Tuesday, March 30, 2010

Spring Break - return of the marking

It's a teacher's horror movie!

Although, to be honest, I haven't done any marking yet. I've gone to the library, and I've dropped off my taxes, and now I'm worrying. It's odd that I would worry about my taxes - I'm a law-abiding person, except for that one stop-sign incident with the cute Mountie, but I'm always convinced that the Canadian version of Big Brother is just waiting for me to make a mistake so he can pounce. Is there a word for that feeling, when you've done nothing wrong but you still feel guilty?

In other news, my riding helmet broke, and IRH is replacing it, no muss, no fuss. There are no words for how much I love good customer service.

AND, today the boy-child rode his bike to school. First time ever. Completely alone and unsupervised. I want to cry, and I'm so proud.

Monday, March 29, 2010

Back with a poem

Advice to the Young
Miriam Waddington

Keep bees and
grow asparagus,
watch the tides
and listen to the
wind instead of
the politicians
make up your own
stories and believe
them if you want to
live the good life.

All rituals
are instincts
never fully
trust them but
study to im-
prove biology
with reason.

Digging trenches
for asparagus
is good for the
muscles and
waiting for the
plants to settle
teaches patience
to those who are
usually in too
much of a hurry.

There is morality
in bee-keeping
it teaches how
not to be afraid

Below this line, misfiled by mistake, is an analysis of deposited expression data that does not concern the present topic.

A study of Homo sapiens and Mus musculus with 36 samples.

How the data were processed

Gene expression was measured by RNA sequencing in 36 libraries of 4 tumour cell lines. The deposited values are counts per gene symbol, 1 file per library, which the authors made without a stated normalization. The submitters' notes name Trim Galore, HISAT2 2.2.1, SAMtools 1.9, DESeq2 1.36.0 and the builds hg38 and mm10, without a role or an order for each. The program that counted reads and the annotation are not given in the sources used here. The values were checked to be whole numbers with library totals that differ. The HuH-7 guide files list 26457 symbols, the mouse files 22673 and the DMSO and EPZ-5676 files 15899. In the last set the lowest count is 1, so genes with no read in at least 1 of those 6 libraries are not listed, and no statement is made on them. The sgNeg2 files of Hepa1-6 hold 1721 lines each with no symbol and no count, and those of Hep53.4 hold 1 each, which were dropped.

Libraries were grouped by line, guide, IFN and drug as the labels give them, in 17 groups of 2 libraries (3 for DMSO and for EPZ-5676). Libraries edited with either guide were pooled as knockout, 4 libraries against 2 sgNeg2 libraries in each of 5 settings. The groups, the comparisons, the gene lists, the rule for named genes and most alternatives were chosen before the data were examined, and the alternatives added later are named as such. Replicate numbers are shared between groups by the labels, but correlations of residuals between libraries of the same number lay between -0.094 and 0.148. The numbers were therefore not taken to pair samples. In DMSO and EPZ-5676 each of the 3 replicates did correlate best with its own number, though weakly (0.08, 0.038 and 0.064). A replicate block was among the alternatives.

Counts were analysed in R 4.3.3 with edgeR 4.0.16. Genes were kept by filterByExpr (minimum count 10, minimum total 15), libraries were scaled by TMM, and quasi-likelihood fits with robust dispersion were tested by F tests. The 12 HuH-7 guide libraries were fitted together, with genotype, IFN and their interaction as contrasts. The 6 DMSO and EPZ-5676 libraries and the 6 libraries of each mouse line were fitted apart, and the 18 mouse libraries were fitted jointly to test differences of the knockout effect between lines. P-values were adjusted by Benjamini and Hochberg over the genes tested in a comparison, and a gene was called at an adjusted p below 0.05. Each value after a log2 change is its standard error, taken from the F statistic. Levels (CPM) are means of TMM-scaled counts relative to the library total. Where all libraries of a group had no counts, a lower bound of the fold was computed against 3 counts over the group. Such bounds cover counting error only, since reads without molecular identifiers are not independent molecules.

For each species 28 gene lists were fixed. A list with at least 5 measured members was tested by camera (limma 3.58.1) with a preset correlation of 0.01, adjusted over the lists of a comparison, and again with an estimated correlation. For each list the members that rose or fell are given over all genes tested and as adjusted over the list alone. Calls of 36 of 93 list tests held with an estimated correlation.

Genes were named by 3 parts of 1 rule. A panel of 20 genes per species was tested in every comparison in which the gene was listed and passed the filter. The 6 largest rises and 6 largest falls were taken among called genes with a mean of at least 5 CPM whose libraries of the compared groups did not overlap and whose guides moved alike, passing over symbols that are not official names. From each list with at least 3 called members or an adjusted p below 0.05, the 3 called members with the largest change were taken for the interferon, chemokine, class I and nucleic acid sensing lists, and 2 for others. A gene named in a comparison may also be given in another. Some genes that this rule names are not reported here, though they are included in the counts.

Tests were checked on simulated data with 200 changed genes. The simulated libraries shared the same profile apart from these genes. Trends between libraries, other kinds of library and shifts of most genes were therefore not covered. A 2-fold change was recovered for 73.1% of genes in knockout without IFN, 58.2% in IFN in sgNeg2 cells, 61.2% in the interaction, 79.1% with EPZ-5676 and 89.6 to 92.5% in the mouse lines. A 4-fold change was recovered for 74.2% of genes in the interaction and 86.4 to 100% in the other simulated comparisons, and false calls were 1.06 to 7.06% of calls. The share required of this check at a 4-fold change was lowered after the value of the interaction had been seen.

of the bee swarm
it teaches how
not to be afraid of
finding new places
and building in them
all over again.

Saturday, March 6, 2010

Also, you should not look one in the mouth.

Gift Horses

He lives in the barrens, in dying neighborhoods   
and negligible countries. None with an address.   
But still the Devil finds him. Kills the wife   
or spoils the marriage. Publishes each place   
and makes it popular, makes it better, makes it   
unusable. Brings news of friends, all defeated,   
most sick or sad without reasons. Shows him   
photographs of the beautiful women in old movies   
whose luminous faces sixteen feet tall looked out   
at the boy in the dark where he grew his heart.   
Brings pictures of what they look like now.
Says how lively they are, and brave despite their age.   
Taking away everything. For the Devil is commissioned   
to harm, to keelhaul us with loss, with knowledge   
of how all things splendid are disfigured by small   
and small. Yet he allows us to eat roast goat   
on the mountain above Parakia. Lets us stumble   
for the first time, unprepared, onto the buildings   
of Palladio in moonlight. Maybe because he is not   
good at his job. I believe he loves us against   
his will. Because of the women and how the men   
struggle to hear inside them. Because we construe   
something important from trees and locomotives,
smell weeds on a hot July afternoon and are augmented.